Tech on Disaster's Frontlines

The group Telecoms Without Borders is bringing telecommunications and computer equipment and know-how to victims of natural disasters and war

At 3:30 a.m. on May 27, Oisin Walton, a French former ad executive, was up late doing some paperwork when he got a text message about an earthquake, measuring 6.3 on the Richter scale that had hit the Indonesian island of Java. Walton went to bed immediately, knowing that he would need to get some sleep because soon he would be on his way to the disaster.

By the next evening, after 13-and-a-half hours of flying and a one-and-a-half hour drive, he arrived at Yogyakarta, Indonesia, in the earthquake zone, lugging laptops, routers, and satellite equipment. Walton is on a swat team of Telecoms Without Borders.

There has been an explosion of such international do-gooder organizations, starting with Doctors Without Borders and proliferating to teachers, reporters, lawyers, engineers, and even grantmakers. Some foster economic development, and others, democracy.


  Like the doctors' group, the telecom team, more commonly known by its French name, Télécoms Sans Frontières (TSF), is an emergency relief crew, a tech-support squad for the international-disaster set. It is staffed mostly by European networking experts who install essential communications for victims and aid workers in the immediate wake of earthquakes, floods, hurricanes, famine, and war.

The group's volunteers are recent graduates schooled in telecom and computer networking, or part-time workers whose jobs permit them to break away at a moment's notice. Marc Ricart, 34, a Spanish municipal engineer, took a leave from his job in the town of Llica d'Amunt in 2004 to take a job in Managua, Nicaragua. There, he met the local head of the TSF office and volunteered, serving in a tropical storm and mud-slide relief mission to Guatemala in 2005 and a flood-relief mission to Bolivia last February.

TSF traces its roots to a homegrown, general disaster-relief organization, Solidarité Pyrénéenne, started by friends who grew up near Pau, France, TSF's current headquarters close to the Spanish border. TSF co-founders Jean-François Casenave, 51, and Monique Lanne-Petit, 40, who now head the organization, conducted humanitarian missions during vacations from their jobs at, respectively, the French Telecommunications Ministry and a British food-services company.


  In 1991, they flew to Iraq during the Gulf War, sold to the relief agencies there some donated clothing they had gathered in Pau, and bought cheese with the money for delivery to Kurdish refugees in Yakmal near the border of Turkey.

On that first mission to Iraq, says Casenave, "a victim gave us a piece of paper from inside his shoe with a phone number and asked us to call his family to tell them their uncle is dead." In 1998, refugees from Kosovo streaming toward the border of Albania handed the French volunteers similar slips of paper, and a week later, after calls had been made, they saw their families coming in with cars from Germany, Italy, France, and the U.S. to help.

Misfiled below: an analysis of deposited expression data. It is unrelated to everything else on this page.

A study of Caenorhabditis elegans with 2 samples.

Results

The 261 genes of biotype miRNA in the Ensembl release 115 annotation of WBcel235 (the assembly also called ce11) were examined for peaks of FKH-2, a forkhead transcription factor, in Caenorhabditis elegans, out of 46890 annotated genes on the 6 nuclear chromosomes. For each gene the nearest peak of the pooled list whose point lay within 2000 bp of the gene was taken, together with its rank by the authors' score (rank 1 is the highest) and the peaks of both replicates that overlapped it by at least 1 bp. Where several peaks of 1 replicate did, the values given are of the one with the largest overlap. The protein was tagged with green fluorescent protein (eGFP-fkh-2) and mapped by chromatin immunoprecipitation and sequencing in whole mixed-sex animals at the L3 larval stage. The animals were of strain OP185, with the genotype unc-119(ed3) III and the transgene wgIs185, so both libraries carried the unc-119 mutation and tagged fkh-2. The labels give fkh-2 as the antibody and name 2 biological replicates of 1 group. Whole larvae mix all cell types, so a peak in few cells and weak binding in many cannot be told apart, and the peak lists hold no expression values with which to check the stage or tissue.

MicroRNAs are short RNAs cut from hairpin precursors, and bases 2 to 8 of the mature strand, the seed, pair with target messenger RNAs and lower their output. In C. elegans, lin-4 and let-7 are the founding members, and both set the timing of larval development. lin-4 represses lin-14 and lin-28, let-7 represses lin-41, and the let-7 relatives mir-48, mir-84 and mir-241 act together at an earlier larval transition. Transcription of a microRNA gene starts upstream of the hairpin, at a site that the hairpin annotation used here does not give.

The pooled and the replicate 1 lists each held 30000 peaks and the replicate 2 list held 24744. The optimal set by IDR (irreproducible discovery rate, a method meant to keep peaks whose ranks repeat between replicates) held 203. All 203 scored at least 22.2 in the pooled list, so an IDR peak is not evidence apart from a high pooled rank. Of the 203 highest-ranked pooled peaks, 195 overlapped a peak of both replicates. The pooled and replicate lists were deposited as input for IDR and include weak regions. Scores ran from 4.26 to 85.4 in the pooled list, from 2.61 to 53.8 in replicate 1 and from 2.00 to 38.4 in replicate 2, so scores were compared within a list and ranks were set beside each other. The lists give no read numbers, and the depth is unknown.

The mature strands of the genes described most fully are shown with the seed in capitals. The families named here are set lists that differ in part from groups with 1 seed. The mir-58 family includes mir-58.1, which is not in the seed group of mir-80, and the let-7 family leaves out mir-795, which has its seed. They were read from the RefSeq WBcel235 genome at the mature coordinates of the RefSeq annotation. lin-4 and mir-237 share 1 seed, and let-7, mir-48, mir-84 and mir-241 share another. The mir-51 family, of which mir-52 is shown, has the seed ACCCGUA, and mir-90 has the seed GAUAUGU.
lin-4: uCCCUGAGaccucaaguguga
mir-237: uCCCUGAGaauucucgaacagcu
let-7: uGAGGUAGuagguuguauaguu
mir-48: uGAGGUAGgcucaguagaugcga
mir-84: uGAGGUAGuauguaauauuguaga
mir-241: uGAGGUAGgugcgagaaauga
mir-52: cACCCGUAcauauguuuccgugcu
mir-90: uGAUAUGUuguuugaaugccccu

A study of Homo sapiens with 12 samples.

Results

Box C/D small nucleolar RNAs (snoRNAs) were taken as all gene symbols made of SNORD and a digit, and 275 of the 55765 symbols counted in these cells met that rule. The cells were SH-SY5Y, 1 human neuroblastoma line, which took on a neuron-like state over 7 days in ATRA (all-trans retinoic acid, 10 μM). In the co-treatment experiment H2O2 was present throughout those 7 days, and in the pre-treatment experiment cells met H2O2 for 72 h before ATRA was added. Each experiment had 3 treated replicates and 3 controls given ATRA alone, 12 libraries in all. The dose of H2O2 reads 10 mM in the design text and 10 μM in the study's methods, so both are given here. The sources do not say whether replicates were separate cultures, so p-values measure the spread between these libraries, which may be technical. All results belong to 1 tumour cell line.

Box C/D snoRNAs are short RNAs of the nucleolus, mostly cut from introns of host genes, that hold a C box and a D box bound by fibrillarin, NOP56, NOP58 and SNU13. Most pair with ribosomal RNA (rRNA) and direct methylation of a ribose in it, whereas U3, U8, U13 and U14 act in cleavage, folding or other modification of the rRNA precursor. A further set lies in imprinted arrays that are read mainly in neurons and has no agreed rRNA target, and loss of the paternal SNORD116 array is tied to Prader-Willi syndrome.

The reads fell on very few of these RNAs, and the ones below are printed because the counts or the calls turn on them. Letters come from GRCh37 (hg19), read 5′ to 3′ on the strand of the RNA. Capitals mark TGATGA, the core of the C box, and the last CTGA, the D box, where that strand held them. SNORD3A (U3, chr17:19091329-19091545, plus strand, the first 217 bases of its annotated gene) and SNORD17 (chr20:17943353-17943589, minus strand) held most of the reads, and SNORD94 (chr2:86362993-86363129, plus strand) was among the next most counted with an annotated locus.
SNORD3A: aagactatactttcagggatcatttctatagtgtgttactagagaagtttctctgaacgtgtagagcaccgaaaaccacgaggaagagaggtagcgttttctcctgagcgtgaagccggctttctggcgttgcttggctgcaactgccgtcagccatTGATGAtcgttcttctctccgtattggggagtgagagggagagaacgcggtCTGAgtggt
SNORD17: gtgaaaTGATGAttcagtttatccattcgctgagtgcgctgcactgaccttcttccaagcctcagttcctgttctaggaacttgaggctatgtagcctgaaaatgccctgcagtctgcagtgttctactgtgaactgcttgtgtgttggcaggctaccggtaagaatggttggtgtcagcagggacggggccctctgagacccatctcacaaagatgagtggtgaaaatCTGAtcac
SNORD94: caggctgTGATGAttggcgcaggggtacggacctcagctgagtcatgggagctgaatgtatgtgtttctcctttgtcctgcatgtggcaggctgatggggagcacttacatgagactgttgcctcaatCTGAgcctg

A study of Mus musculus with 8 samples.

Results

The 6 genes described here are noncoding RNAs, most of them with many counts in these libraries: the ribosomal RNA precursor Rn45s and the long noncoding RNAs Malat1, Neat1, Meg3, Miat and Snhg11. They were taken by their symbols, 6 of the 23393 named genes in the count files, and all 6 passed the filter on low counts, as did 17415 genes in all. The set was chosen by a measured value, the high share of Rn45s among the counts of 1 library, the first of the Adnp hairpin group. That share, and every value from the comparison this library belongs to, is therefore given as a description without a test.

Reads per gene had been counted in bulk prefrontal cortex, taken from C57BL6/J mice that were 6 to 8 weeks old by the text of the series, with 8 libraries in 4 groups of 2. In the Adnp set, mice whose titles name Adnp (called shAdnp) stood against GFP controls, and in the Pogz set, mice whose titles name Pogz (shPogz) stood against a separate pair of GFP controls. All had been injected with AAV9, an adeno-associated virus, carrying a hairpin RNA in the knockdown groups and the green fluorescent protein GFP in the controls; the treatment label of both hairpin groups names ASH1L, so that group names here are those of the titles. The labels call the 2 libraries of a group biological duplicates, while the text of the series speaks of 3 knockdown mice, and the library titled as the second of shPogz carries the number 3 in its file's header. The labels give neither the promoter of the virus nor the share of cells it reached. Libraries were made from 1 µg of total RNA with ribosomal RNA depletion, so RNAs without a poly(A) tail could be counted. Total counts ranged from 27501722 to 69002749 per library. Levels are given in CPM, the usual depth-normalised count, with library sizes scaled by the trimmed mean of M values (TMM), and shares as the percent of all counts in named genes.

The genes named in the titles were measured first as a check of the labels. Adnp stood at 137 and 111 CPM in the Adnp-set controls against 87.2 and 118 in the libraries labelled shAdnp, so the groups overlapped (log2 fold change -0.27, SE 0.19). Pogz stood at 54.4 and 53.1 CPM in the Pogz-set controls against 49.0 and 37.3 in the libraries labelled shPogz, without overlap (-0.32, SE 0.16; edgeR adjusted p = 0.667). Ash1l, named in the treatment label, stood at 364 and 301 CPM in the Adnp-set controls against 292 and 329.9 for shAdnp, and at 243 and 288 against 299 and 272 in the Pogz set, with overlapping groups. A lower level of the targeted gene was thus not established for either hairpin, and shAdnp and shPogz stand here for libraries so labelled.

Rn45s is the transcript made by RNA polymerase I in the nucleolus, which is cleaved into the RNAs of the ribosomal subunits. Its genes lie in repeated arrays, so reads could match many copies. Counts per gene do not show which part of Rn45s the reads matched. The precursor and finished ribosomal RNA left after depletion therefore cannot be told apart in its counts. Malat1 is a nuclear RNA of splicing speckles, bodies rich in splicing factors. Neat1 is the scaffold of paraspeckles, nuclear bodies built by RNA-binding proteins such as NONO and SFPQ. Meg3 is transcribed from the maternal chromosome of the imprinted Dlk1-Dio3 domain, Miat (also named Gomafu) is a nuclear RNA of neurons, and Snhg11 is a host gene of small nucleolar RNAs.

TSF was born. "If you were a doctor or a food worker, you could make a contribution to humanitarian action," Casenave says. "Now, if you work in telecom and computers, you can also make a humanitarian contribution."


  With 15 salaried workers, 35 volunteers, and a budget of about $950,000, the group supplies phone contact for victims and Internet, fax, and phone services for rescue agencies to coordinate work. Funding comes from organizations such as London satellite company Inmarsat; Vodafone Group Foundation, the charitable organization of the U.K.-based telecom Vodafone (VOD); and most recently, the U.N. Foundation.

While the U.N. and other major rescue groups have their own tech equipment and crews, they say TSF fills a gap in the first weeks of an emergency. TSF arrives faster with gear that's more expensive but also more portable.

In Yogyakarta, TSF staffer Walton, 26, and his three-person team set up an entire communications center a half-hour, serving 110 emergency workers. State-of-the-art satellite terminals, each equipped with 10 phone lines, 10 data lines, videoconferencing, and a Wi-Fi cloud, take just 10 minutes to install.


  TSF is branching out beyond emergencies, often staying at or returning to hot spots to build more permanent facilities. TSF staffer Benoît Chabrier, 25, a recent graduate of the University of Toulouse, is helping set up 12 sites in isolated border regions of Niger. Last year, during the famine, scores of children died during the month it took for help requests to reach authorities. With the new Internet links, locals will be able to send cries for aid in seconds.

Says Chabrier, "After four years of studying technology, technology, technology in school, I knew how a computer worked, but I didn't know what to do with the computer. Now I have found a social issue to put this computer to use."